With the primary slated for Feb. 5, millions could cast ballots by early January. And those votes could be crucial.

June 10, 2007|Scott Martelle | Times Staff Writer

As states jockey for early power in next year's presidential caucuses and primaries, California could have an unexpected edge. Under the present -- and evolving -- calendar, absentee voters here may be able to cast ballots before the traditionally first-in-the-nation Iowa caucuses and New Hampshire primaries.

The votes wouldn't be counted until California's scheduled primary on Feb. 5, but the prospect of millions of Californians being able to vote beginning Jan. 7 complicates strategy for the major candidates.

And playing California right could be crucial: The state will send at least 440 delegates to the Democratic National Convention, more than the current five early voting states combined. The Republican delegate allotment won't be set until later this year, but California's population means it will be among the largest delegations to that convention as well.

None of the campaigns would discuss their plans, but one issue is sure to be how much money to spend seeking early voters in California -- usually reached with television ads and direct mail -- while campaigning in more than 20 other states.

"Absentees will be a big piece of it," said Steve Westly, a former Democratic gubernatorial contender and chairman of Sen. Barack Obama's California campaign. "There will be a huge advantage for candidates who can go up on TV early and who can do direct mail."

In the 2006 California gubernatorial race, absentee voters accounted for more than 40% of turnout -- the largest statewide percentage of absentee voting in the nation after Oregon, which does all voting by mail.

But half of the California absentees didn't return their ballots until the week before election day, said Steve Weir, president of the California Assn. of Clerks and Election Officials.

If the 2006 pattern holds, up to one in five California primary voters could be casting ballots before or along with voters and caucus-goers in Iowa, Nevada, New Hampshire, Florida and South Carolina.

Tightly contested presidential nomination battles could ramp up enthusiasm among voters and lead to a rush of early ballots. On the other hand, savvy voters might hold on to their absentee ballots for fear of wasting a vote, should their candidate drop out after the first few nominating contests.

"I'm going to bet the permanent absentee voters are going to hold back," Weir said. "If Richardson doesn't make it past the first two weeks, and you voted for Richardson, you may feel you weren't strategic."

In a sign of how seriously some of the campaigns are viewing absentee voting, Republican Sen. John McCain has hired as a deputy strategist Sarah Simmons, who ran Gov. Arnold Schwarzenegger's absentee-voter efforts in his last campaign.

"She's very familiar with it, and it's definitely part of the strategy," said McCain spokesman Matt David.

Many campaigns are still assembling their California staffs, and detailed plans probably won't evolve until later -- in part because the calendar itself is still shifting.

The current lineup begins with caucuses in Iowa on Jan. 14 and Nevada on Jan. 19, followed by New Hampshire's primary, possibly on Jan. 22, and South Carolina and Florida on Jan. 29. But New Hampshire has yet to formally set its date -- state law requires it be the first primary in the nation -- and South Carolina may move its primary ahead of Florida's under a pledge to be the first in the South.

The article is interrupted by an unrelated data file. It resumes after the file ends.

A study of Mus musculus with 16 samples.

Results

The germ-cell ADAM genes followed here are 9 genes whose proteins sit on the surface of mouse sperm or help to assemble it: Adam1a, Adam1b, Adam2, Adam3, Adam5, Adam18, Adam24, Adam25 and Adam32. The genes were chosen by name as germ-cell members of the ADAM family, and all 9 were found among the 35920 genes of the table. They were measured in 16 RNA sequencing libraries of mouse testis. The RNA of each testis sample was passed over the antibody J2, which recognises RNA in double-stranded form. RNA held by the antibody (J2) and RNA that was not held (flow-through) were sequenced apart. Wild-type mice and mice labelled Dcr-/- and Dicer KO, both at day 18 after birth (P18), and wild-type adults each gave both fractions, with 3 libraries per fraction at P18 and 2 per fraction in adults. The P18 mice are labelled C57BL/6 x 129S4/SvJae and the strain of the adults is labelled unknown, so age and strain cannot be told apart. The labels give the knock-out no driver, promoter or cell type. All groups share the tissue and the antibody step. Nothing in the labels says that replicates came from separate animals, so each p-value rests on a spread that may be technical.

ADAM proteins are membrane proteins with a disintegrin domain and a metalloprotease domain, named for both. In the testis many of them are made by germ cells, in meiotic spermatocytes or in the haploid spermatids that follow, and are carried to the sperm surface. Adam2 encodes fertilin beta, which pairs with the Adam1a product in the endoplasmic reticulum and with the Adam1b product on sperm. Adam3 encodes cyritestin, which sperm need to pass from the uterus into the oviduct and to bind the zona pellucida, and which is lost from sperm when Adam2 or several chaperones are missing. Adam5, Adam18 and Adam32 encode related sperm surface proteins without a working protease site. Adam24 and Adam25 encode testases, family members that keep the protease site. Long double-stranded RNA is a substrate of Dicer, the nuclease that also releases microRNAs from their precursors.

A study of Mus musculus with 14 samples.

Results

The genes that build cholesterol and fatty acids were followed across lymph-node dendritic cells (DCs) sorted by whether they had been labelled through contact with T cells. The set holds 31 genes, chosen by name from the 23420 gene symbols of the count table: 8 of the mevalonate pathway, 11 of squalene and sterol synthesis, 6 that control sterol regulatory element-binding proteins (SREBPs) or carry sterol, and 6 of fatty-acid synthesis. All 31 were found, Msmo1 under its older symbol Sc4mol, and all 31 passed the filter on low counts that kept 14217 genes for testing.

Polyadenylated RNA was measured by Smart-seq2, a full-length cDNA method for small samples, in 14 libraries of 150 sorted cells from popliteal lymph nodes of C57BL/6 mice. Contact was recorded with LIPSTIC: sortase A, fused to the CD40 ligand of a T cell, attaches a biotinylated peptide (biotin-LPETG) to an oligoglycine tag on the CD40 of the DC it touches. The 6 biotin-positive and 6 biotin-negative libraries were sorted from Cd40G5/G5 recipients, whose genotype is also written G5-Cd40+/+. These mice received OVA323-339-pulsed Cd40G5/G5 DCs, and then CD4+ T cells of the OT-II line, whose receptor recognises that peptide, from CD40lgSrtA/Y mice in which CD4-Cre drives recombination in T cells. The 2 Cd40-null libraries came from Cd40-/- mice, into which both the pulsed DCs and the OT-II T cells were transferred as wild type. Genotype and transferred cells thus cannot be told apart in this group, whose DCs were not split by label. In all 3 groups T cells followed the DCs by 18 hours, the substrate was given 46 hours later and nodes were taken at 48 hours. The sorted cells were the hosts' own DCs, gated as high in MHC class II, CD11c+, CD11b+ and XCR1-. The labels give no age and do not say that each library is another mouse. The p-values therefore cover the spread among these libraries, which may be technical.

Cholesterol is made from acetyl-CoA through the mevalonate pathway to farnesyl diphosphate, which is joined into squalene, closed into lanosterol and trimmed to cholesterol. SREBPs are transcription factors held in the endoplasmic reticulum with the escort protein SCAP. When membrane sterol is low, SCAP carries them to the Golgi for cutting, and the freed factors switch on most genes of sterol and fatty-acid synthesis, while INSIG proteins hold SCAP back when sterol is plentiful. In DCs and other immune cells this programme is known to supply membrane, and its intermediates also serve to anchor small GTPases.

Wyoming Republicans have also pledged to hold their caucuses on whatever day New Hampshire sets its primary.

Those contests will be followed by a massive vote Feb. 5 in California, New York and about 15 other states, probably including Illinois (a bill to set the date is awaiting the governor's signature). Texas, which had considered moving its contest to Feb. 5, failed to pass the necessary law in its recently ended legislative session, so it remains March 4.

Arizona also is considering holding its primary Feb. 5, and if it does, absentee voters would probably start getting ballots Jan. 10, three days after California. A proposal for North Carolina to move its primary from May 5 to Feb. 5 -- making absentee ballots available Dec. 17 -- has stalled in the state legislature.

Florida and Illinois absentee ballots go out the same day as the Iowa caucus.

But California, with its hundreds of delegates, is the big prize -- and challenge. California is one of five states where more than 25% of voters routinely cast absentee ballots, said Paul Gronke, director of the Early Voting Information Center at Reed College in Oregon. The others are Washington, Texas, Tennessee and Iowa, though absentee voting doesn't apply to the in-person caucuses.

A week's worth of television campaign ads costs several million dollars in California's dispersed markets, and competing for early votes will strain lesser-funded campaigns. But reaching those voters could be crucial to streamlining get-out-the-vote efforts, meaning fewer supporters to spur to the polls in the closing days of the election.

And with delegates for both major parties allotted by congressional district rather than a "winner take all" format, every vote will count.

"An unlimited-resource campaign is going to be on the ground early in California, at least trying to get some of those early ballots cast so they can check those people off the list," Gronke said. But most campaigns will be trying to spend their limited funds in places where they can reach voters more inexpensively, Gronke said.

"Realistically," he said, "they are going to be covering New Hampshire and Iowa, and not covering that 5% to 10%" of California early voters.